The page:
Several Solutions to the Problem

Date Published

The prior art (in the light of common general knowledge) may suggest to the person skilled in the art a number of possible solutions to the problem. In this event:

"The pursuit of one of a number - perhaps many - obvious lines of research may produce a signal or particularly valuable discovery. In deciding on patentability it would seem to us regrettable, and not in accord with a primary purpose of patent law, to have to rule this out automatically in the name of obviousness."

Beecham Groups Limited's (New Zealand/Amoxycillin) Appln [1982] FSR 181 at page 192.


"There were alternatives which might be tried only to be discarded, but the fact that there were a number of alternatives, cannot, I think, elevate into the head of invention the step taken by Lucas."

Lucas and Another v Gaedor Ltd and Others [1978] RPC 297 at pages 376 and 377

Where a claimed solution:

  • is one of several options that the person skilled in the art would consider in solving either the identified problem or any subsequent practical difficulty;

  • the options would at once suggest themselves to the person skilled in the art, e.g. the options are part of the common general knowledge, or clearly indicated in the prior art;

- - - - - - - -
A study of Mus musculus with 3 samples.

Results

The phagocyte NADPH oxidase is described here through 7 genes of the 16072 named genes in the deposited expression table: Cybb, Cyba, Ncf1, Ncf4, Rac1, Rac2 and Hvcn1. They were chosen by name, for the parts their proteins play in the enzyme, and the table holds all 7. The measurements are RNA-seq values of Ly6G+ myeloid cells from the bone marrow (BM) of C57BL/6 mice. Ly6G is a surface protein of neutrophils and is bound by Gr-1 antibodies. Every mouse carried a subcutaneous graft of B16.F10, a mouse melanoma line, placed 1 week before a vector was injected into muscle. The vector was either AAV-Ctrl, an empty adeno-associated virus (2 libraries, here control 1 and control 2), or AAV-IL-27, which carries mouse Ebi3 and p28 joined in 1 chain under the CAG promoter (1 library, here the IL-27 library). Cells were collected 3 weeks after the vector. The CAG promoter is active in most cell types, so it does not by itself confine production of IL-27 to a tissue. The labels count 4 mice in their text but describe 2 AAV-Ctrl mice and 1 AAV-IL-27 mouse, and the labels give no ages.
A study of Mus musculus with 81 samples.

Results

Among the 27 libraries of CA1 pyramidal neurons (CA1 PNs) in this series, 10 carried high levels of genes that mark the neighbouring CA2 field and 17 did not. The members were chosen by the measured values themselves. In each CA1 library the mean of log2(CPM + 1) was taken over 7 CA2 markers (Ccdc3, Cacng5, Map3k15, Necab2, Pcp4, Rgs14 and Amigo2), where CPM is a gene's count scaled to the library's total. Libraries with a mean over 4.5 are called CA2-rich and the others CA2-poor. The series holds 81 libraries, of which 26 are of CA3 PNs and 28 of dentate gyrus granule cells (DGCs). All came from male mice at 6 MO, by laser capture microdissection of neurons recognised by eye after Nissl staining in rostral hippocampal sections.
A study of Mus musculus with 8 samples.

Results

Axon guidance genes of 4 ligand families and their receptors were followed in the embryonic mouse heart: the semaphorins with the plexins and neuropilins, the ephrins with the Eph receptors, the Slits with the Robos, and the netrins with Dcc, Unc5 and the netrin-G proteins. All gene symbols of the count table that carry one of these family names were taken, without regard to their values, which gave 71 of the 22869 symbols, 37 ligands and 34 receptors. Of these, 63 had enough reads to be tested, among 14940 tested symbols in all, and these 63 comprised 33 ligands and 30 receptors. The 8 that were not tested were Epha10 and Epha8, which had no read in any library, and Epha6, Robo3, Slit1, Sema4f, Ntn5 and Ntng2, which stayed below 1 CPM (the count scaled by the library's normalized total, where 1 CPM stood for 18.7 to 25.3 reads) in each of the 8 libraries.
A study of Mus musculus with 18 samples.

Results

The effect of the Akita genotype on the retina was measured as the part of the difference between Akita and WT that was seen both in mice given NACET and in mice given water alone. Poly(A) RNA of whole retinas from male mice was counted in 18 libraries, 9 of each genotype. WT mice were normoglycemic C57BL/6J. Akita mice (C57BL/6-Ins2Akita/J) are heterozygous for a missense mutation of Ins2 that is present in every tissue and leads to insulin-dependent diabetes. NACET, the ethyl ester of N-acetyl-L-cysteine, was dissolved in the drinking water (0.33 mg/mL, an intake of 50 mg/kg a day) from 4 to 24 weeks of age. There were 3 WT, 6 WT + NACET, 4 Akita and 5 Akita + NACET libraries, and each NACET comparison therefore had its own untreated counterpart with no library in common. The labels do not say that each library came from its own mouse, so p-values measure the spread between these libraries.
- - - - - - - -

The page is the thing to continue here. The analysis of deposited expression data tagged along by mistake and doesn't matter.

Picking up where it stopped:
• there is no practical difficulty in implementing the particular solution claimed; and

  • neither the prior art, nor the common general knowledge, teaches away from the particular solution;

then an inventive step objection will apply.

In this situation, the claimed solution is said to be ob via, or "lying in the way":

"As the latin derivation (obvius, in the way) makes plain something is obvious if it is lying in the way, so that one who takes the ordinary route will be likely to come upon it."

Elconnex Pty Ltd v Gerard Industries Pty Ltd 105 ALR 247 at page 262

In Philips (Bosgra's) Application [1974] RPC 241 at page 251, the court considered the same issue:

"Nothing ... would be more undesirable than that persons should be stopped ... from using materials which it is also established would lie readily to their hand, and would come to their mind as being likely materials to use. ... I think these (emulsifying) agents were obvious in this sense, indeed in the true sense of the word, that they were lying in the road, that they were there for the research worker to use, and it is quite wrong that he should be stopped from using them."

and noted that the road itself must be one that the research worker would naturally choose to take.